Earth just had its hottest summer in recorded history, data released Wednesday (Sept. 6) by the World Meteorological Organization (WMO) reveals.
June to August 2023 were the hottest months ever and are yet another sign that climate change is happening.
Global sea surface temperatures broke new records each consecutive month, while Antarctic sea ice extent remained at a record low for the current time of year.
"Our planet has just endured a season of simmering — the hottest summer on record," U.N. secretary-general António Guterres said in a statement. "Climate breakdown has begun."
The summer was characterized by relentless heat waves around the world. In July, numerous countries — including the U.S., Mexico, Spain and China — experienced national heat records, with over 200 heat-related deaths reported in Mexico alone.
Global sea-surface temperatures have been especially high over the past five months and remained at record-high levels throughout April, May, June and July 2023. In August 2023, the sea-surface temperature was 69.76 degrees Fahrenheit (20.98 degrees Celsius), surpassing the previous March 2016 heat record every single day that month.
"What we are observing, not only new extremes but the persistence of these record-breaking conditions and the impacts these have on both people and planet, are a clear consequence of the warming of the climate system," Carlo Buontempo, director of the Copernicus Climate Change Service, said in the statement.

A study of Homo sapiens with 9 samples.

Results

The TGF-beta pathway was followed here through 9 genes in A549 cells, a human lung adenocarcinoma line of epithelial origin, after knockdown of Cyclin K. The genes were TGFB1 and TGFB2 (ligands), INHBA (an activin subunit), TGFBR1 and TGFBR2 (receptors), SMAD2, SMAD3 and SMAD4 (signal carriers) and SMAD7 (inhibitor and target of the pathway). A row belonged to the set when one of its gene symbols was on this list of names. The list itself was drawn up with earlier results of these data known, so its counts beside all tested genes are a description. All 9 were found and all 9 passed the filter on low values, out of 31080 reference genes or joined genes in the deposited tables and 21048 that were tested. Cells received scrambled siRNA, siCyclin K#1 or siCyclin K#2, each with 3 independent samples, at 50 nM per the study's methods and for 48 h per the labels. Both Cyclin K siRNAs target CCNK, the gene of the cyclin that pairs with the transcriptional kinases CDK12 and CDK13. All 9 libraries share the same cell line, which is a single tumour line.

According to the WMO data, August this year was the hottest on record "by a large margin" and the hottest month ever after July 2023. The month's combined land and ocean surface temperature was 2.7 F (1.5 C) higher than the 1850 to 1900 average.
"Scientists have long warned what our fossil fuel addiction will unleash," Guterres said. "Surging temperatures demand a surge in action. Leaders must turn up the heat now for climate solutions. We can still avoid the worst of climate chaos – and we don’t have a moment to lose."
But in the short term, conditions could get worse as El Niño takes shape.
"It is worth noting that this is happening before we see the full warming impact of the El Niño event,” WMO secretary-general Petteri Taalas said in statement.
El Niño is a weather pattern in which a belt of warm water sits off the Pacific coast of South America, which often leads to warmer global temperatures and extreme weather events. Heatwaves, fires and floods are likely to increase as El Niño conditions develop in the tropical Pacific for the first time in seven years. According to the WMO, there is a 90% chance that the ocean-warming event will continue throughout the second half of 2023.